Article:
Richard Ned Polk
April 24, 1955 - May 10, 2022

Richard Ned Polk of Mason passed away Tuesday, May 10, 2022 at the age of 67. He was born April 24, 1955 to Lila Jo (Chew) and Dick G. Polk in Mason Memorial Hospital. He was a 1973 graduate of Mason High and a 1977 graduate of Texas A&M.

Richard’s career began at Burnup & Sims of Texas where he specialized in project management and cost analysis. From there, he moved on to Haegelin Construction where he used those same skills.

Like his grandfather, Ned, who was ranch manager for G. Rollie White, Richard eventually did ranch and project management for the Thompson Ranch and later Katemcy Management.

And, like his grandfather, Ossie, who was instrumental in bringing TV cable and movie theatres to Mason, Richard was a visionary who imagined “what could be.” His true passion was creative problem-solving. He could look at a challenging situation and where others saw problems, he saw solutions.

For example, during his years of night-time varmint hunting, Richard had noticed a need that was not being met –- a secure way to mount a light on a rifle without the use of hose clamps, zip ties, or duct tape. Texas DPS SWAT and narcotics teams were also aware of that need and asked Richard to invent a device to address it.

As a result of that request, in 1986, Richard and four venture capitalists formed Aimlight, Inc. Working closely with machinist, Kelly Kothmann, Richard developed the first prototype for what is now known around the world as the “1913 Picatinny,” a detachable rail system that allows a wide variety of equipment to be attached to a weapon. Richard’s rail system is now standard equipment on firearms.

On the heels of his rail system came a second invention –- a weapon-mounted target illumination system. In 1987, the U. S. Air Force sent representatives to Texas to talk with Richard. As a result of that interview, the Pentagon’s Air Staff for Security Police invited him to their headquarters to demonstrate his “Aimlight” invention on the M16.

That meeting turned out to be the cornerstone of military night fighting capabilities. From listening to feedback in that meeting, Richard realized that white light was not what was needed on the battlefield. He returned to Texas and revised his system to include infrared light, now standard for battlefield fighting in all branches of the military.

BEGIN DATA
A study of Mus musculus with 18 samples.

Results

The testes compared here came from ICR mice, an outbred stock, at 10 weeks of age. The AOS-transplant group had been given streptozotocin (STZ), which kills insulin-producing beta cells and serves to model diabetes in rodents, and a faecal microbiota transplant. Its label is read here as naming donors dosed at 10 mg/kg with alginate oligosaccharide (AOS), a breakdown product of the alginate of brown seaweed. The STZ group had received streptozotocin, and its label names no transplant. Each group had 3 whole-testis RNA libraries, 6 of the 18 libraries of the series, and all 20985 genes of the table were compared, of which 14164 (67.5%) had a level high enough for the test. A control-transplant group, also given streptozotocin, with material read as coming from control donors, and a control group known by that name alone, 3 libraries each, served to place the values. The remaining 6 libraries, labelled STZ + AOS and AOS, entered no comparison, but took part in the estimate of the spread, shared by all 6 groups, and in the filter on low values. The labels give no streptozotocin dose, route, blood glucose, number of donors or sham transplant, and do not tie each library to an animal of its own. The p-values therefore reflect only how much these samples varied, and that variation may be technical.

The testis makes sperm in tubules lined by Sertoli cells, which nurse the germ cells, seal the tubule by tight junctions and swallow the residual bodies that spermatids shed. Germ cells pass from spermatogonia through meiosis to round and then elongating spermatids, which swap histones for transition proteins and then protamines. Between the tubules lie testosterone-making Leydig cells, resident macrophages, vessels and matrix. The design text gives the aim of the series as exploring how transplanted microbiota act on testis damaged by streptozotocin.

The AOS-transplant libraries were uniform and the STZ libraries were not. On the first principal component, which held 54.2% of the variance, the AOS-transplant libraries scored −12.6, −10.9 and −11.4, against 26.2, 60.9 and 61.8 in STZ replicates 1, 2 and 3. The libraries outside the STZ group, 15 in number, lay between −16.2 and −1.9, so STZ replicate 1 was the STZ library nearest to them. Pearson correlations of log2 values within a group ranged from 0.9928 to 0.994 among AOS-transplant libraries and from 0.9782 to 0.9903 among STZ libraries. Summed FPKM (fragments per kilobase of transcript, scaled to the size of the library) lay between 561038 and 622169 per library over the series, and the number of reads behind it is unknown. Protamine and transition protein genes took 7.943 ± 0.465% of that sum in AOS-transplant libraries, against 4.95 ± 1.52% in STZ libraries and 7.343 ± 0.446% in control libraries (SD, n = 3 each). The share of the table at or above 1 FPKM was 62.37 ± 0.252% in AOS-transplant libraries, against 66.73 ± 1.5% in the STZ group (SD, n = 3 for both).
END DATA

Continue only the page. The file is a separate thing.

Richard’s two inventions were widely used by the U.S. military, federal and state law enforcement, and the U.S. intelligence community. Though he never received formal recognition for his rail and lighting systems, the many lives he saved stand as a testament to his contribution.

After moving back to Mason, Richard made another contribution, this time to the culinary and camping industry. He and partners, Craig and Carol Conlee, developed a compact cast iron cooking system which was quickly bought by Lodge, the largest producer of cast iron cooking products in the U.S. The “Cook-It-All” has become one of Lodge’s best sellers.

In 2005, Richard met Pamela Kimrey of San Marcos. It was love at first sight. On January 18, 2020, they were married. In Richard’s own words, “I am the luckiest person in the world. You are everything I ever asked for and a thousand things I didn’t know I needed. You complete my life.”

As a couple, they shared a unique bond. Richard and Pam envisioned a life with family and friends in Mason. Watching the sun rise with Pam’s hand in his was life just the way Richard wanted it.

He is survived by his wife Pamela Gill Kimrey, her daughter Kayla and husband Austin Haas of California, sister Cara Polk and partner Ken Hart of Austin, cousin David Polk and wife Adrienne of Athens, cousin Ned Polk and wife Karie of Midland and their children, Taylor and Heather.

Richard’s memorial service will be held Friday, May 27 at 11:00 AM at the First United Methodist Church of Mason. Memorials may be made in his name to the Mason County Cancer Benefit or any other charity of your choice.